I was lucky enough to get an interview with Justin Rader not too long ago. The guy’s got a lot of energy and insight – and also happened to to win the 2010 No Gi Brazilian Jiu Jitsu World Championships at black belt.
Hence, I figured he’d be a good guy to chat with.
Towards the end of the conversation I asked him:
Dan: “If there is one piece of advice you’d give to someone who really wanted to achieve in Jiu Jitsu, really make it to the top in this sport, what would you tell them?”
Justin: “I’d tell them to learn Jiu Jitsu at the right pace… Bad habits take twice as long to fix, so its important to make sure you understand the movements. Also, if you’re practicing with someone who doesn’t know what they’re doing that can hurt your game.”
I’ve heard this same kind of idea about bag habits from boxers and wrestlers – whether its “swimming your punches” or shooting improperly, these things have to be worked on for much longer than learning it right initially.
The concept has clear implications for Jiu Jitsu beginners. Its unlikely that you’ll develop great Jiu Jitsu if you aren’t learning great Jiu Jitsu, or if you aren’t testing yourself and getting feedback from someone who knows what they’re talking about.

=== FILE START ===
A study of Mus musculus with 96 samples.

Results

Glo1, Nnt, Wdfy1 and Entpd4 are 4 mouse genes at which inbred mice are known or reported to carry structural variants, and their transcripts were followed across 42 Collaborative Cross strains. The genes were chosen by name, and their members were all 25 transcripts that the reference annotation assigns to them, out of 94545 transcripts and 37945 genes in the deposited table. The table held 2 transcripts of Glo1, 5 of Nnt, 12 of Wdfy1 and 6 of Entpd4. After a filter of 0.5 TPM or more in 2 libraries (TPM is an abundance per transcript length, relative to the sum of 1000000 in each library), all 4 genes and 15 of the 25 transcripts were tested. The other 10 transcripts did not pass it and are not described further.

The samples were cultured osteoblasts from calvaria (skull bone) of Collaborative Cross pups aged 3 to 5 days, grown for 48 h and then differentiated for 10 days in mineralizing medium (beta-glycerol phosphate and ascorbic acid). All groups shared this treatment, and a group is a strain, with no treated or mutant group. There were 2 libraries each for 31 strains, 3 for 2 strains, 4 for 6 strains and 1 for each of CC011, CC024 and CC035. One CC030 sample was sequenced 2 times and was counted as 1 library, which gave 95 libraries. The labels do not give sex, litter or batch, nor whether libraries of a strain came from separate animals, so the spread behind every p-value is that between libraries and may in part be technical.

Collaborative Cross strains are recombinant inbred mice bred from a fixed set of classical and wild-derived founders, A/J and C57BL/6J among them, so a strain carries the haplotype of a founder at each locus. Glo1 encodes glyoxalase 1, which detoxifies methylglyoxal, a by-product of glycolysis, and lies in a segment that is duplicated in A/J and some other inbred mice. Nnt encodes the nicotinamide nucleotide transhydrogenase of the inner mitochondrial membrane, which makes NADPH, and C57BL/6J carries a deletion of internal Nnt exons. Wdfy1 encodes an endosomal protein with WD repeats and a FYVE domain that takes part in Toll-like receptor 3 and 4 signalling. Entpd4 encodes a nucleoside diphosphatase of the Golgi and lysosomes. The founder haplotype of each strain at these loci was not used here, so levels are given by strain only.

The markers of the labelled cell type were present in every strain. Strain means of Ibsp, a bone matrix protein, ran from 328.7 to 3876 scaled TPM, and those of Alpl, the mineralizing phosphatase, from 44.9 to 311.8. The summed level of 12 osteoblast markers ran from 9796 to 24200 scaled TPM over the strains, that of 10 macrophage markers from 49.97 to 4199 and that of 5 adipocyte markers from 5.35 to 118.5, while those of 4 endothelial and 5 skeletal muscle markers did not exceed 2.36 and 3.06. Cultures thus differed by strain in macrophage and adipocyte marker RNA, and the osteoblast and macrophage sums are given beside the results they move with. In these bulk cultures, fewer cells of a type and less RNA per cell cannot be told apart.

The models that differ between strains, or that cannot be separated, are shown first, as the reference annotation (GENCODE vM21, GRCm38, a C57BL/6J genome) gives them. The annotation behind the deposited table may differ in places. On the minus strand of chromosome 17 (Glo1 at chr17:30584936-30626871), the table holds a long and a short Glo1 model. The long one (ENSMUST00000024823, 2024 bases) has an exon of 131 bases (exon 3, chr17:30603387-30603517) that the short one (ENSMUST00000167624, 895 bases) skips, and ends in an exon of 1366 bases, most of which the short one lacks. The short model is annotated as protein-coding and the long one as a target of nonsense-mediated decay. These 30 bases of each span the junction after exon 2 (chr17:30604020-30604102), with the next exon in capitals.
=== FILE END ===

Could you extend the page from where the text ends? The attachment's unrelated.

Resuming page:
(Good thing for Rader, he happened to start wrestling very young in a place called Oklahoma – which I hear has pretty good wrestlers – and began his BJJ career with a guy named Rafael Lavato Jr – who I’ve heard is pretty good at grappling [might have even won the worlds… could be just a rumor].)
The thing is, we are all beginners in the sense of finding new areas to develop technique, aught we all not follow this advise and make sure its the best stuff (IE: make sure it WORKS at a high level) before getting it into muscle memory?
The concept can be boiled down to this (which conveys its broad application, no matter your skill level):
If you’re going to develop a skill or ability, make sure you’re getting valid feedback from an expert in order to set the initial habits.
If there’s a homework assignment its this:
- Figure out something in you’re game you’re currently focusing on and developing
- Find someone who is an expert with that set of techniques (preferably someone who pulls it off regularly at high level competitions – which would be the best credibility indicator here)
- Get as much detail from them BEFORE you drill the heck out of those particular movements
Take care, train hard,
The Omoplata Brazilian Jiu Jitsu Academy.